Major Changes to SALT Taxes

Many practitioners don’t spend as much time on SALT law changes unless they specialize in them, but realistically your clients are not only impacted by these laws, they also anticipate you will make them aware of changes. Understanding state nexus laws is an important part of a tax advisory practice. Even if you don’t offer sales tax services, changes to SALT laws can be indicative of changes that impact state nexus as well.

As we move into 2024, there are several major state and local tax developments likely to unfold. Drawing on 2023’s key SALT issues and fiscal projections, here are predictions for 2024 tax law changes that you may need to be aware of:

  1. More pass-through entity (PTE) taxes – Despite the impending federal SALT cap expiration, at least two more states are enacting elective PTE taxes as a workaround. Be sure to pay attention to state laws when preparing income taxes to not miss these alternative limits.
  2. States currently face a wide array of financial and budget situations – States with both budget surpluses as well as deep financial deficits are expected to enact income tax rate changes to address both.
  3. Developments taxing digital ads – Maryland’s groundbreaking digital ad tax faces ongoing litigation. While the decision is widely expected to stroke down the tax in Maryland, followed by anticipated appeals, at least three more states are considering enacting similar taxes.
  4. More conformity to the MTC’s updated P.L. 86-272 rules – The multistate tax commission updated guidance on protected and unprotected activities by adding language to address digital and remote activity. More challenges to these rules are expected in the coming year.
  5. Economic nexus adoptions – Following Wayfair, at least three or more states are applying updated income tax economic nexus rules, with at least one state using a threshold under $500,000. Watch your business clients sales dollars carefully. See also number 7 below.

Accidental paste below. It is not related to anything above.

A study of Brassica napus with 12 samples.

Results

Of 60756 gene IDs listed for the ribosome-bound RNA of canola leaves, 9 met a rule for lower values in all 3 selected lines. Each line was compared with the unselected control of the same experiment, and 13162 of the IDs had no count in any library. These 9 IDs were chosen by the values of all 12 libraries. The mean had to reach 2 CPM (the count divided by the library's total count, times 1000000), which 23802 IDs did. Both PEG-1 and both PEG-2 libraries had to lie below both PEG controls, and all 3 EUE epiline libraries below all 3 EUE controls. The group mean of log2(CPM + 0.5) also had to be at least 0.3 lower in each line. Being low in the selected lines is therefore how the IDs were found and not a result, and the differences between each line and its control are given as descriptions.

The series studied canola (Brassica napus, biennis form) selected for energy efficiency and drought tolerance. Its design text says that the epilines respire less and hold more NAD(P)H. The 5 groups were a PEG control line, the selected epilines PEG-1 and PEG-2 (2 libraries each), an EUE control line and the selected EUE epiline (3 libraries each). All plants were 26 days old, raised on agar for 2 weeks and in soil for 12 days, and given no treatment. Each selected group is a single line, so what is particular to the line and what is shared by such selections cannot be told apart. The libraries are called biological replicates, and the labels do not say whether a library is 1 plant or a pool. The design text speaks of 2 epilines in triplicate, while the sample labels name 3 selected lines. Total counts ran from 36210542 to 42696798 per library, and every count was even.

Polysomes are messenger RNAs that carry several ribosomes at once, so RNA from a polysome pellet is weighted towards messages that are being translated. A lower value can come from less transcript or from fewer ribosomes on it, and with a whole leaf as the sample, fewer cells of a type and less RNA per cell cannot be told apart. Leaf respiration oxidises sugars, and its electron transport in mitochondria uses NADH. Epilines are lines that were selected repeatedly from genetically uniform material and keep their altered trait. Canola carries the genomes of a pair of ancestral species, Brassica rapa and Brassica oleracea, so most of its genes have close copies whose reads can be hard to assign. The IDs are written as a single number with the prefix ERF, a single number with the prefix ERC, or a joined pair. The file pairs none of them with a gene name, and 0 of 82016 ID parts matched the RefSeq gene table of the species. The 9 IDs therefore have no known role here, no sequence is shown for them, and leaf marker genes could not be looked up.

6. Pandemic residency disputes – With remote work continuing post-COVID, several court cases addressing pandemic-related residency changes are pending. Decisions could impact tax laws moving forward.
  7. Remote seller sales tax revisions – Unlike states adopting more economic nexus rules, some states will seek to eliminate transaction thresholds from economic nexus provisions, easing compliance. Practitioners will need to carefully watch states in which their clients may have economic nexus.
  8. Sales tax simplification – States like Louisiana with complex local sales tax regimes may see centralized systems and an overhaul of existing rules. Especially in the face of more complex nexus rules, keep and eye on your state’s tax rules for sales taxes.
  9. Sales tax base expansions – Ongoing efforts to tax digital services and transport may continue. Even though Maryland’s decision is expected to be struck down, appeals may produce a different response especially as more states seek to expand tax basis to digital assets and services.
  10. Unclaimed property reform – On the heels of Delaware v. Pennsylvania, it is expected at least two states will accelerate unclaimed property rules. While this may not directly impact tax calculations, make sure business clients especially are aware of their compliance requirements.

Stay tuned as these critical SALT issues develop over the next year. SALT can be a time-consuming issue for practitioners to keep up with. It’s recommended that you always read the latest rule changes before preparing returns in any state you’re not familiar with. It is also highly recommended that you ask your business clients, especially service providers, where and how they are serving their clients. Gaining a good understanding of the business can help identity SALT issues early on.

Christine Gervais

Christine Gervais is a licensed CPA, using her skills to help businesses grow and achieve their fullest potential. Christine has a Master’s degree in accounting from Southern New Hampshire University in addition to holding her CPA license for over a decade. Notably, Christine is a nationally recognized speaker providing education to other CPAs on how to best serve clients as well as instruction on a wide variety of topics for business owners on how to maximize success. Christine prides herself on the value she can bring to clients with her extensive tax knowledge and provides strategic, forward-thinking financial strategies to help clients grow. When not behind her desk, you can find Christine spending quality time with her daughter and stepson or tending to the family’s excessively loved farm animals.